Recycle: Old newspapers used to grow carbon nanotubes

Posted Nov 27, 2019 by Tim Sandle
A study shows how old newspaper can be used as a low-cost and green solution for the large-scale production of single walled carbon nanotubes. The nanotubes can be used in electronics and optics technology.
Stanford engineers have created a four-layer prototype high-rise chip. In this representation  the b...
Stanford engineers have created a four-layer prototype high-rise chip. In this representation, the bottom and top layers are logic transistors. Sandwiched between them are two layers of memory. The vertical tubes are nanoscale electronic "elevators" that connect logic and memory, allowing them to work together to solve problems.
Max Shulaker
Carbon nanotubes are tiny molecules with useful physical properties, with diameters in the range of a nanometer, making them ideal for microelectronics. Single-walled versions are one dimensional, cylindrically shaped allotropes of carbon.
Complexities with the mass production of carbon nanotubes include the considerable expense involved in building suitable surfaces for chemical growth, plus methods used to scale-up processes, which are limited because only single surface growth processes are generally available.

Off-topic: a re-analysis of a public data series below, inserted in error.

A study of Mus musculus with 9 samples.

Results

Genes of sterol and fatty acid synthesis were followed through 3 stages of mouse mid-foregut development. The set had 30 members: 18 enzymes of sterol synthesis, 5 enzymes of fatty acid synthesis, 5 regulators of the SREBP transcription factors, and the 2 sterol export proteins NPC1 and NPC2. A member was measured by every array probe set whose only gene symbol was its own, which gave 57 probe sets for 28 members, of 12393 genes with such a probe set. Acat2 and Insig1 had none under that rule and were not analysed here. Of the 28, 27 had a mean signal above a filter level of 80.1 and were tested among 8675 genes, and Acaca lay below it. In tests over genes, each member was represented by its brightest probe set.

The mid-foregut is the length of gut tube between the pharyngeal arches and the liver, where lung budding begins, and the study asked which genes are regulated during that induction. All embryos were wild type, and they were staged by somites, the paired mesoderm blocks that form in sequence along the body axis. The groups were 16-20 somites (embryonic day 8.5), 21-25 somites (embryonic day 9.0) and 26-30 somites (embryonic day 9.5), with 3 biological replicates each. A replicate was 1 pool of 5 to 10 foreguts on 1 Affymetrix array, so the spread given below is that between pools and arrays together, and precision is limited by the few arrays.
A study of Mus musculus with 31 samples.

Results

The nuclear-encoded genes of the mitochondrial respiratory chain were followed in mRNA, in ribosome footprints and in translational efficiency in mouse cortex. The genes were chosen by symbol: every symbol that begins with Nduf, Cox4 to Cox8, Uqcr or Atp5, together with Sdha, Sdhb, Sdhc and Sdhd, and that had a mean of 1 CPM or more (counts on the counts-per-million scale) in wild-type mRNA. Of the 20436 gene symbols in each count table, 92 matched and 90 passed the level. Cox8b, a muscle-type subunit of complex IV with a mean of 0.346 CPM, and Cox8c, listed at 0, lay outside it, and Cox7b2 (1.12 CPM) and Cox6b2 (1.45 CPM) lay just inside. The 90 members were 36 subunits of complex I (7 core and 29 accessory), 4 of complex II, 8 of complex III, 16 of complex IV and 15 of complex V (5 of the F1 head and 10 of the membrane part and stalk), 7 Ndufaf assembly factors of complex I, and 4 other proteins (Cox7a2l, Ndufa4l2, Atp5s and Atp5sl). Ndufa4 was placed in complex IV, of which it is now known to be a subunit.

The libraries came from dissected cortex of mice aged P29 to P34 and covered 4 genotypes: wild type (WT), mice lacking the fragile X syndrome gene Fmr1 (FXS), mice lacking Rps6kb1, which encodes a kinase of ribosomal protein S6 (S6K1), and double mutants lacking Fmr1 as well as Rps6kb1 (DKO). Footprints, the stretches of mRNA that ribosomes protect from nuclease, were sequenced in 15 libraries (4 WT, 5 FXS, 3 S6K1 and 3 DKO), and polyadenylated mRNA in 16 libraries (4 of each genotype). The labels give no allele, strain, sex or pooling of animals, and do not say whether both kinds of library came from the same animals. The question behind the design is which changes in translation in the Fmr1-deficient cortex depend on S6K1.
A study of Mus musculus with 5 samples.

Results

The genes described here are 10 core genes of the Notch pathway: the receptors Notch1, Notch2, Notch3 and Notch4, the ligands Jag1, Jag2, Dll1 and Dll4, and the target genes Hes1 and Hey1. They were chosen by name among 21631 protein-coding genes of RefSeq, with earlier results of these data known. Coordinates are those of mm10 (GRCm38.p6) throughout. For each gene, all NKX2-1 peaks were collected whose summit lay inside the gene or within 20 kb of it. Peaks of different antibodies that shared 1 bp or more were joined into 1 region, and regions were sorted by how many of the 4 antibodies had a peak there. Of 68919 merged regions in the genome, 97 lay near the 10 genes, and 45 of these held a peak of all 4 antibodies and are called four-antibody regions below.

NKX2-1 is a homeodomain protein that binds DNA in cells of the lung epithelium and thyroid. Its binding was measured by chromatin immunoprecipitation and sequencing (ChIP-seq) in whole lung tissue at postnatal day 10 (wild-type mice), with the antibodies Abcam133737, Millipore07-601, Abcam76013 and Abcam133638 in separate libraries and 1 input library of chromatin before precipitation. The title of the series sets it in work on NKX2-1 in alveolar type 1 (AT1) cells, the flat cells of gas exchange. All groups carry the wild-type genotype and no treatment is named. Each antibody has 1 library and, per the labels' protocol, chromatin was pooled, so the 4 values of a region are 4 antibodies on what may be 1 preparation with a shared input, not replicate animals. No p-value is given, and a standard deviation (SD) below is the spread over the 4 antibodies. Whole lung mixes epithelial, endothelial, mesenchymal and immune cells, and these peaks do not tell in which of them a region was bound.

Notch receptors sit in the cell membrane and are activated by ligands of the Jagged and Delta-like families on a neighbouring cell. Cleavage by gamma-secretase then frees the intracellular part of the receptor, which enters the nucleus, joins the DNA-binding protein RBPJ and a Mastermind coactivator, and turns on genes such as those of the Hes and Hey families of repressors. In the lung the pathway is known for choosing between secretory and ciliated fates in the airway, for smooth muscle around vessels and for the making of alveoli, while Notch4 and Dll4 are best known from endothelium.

These issues can be overcome using an unlikely source - old newspapers. Scientists from Swansea University have discovered that the considerable surface area of newspapers offers and ideal space to chemically grow carbon nanotubes. This is provided that the newspaper has been made from kaolin, which is china clay (used as sizing in newspaper production). Kaolin avoids a reaction with the growth catalyst used to trigger nanotube formation, whereas other newspaper sizing materials, like calcium carbonate cause interference.
According to principal scientist Professor Bruce Brinson: "Newspapers have the benefit of being used in a roll-to-roll process in a stacked form making it an ideal candidate as a low-cost stackable two-dimensional surface to grow carbon nanotubes."
Carbon nanotubes can be used for many applications, such as conductive films to be used with touchscreen displays for electronic devices, flexible electronics, electricity-generating fabricss, plus and antennas for 5G networks.
The development has been published in the journal C — Journal of Carbon Research. The paper is called "From Newspaper Substrate to Nanotubes—Analysis of Carbonized Soot Grown on Kaolin Sized Newsprint."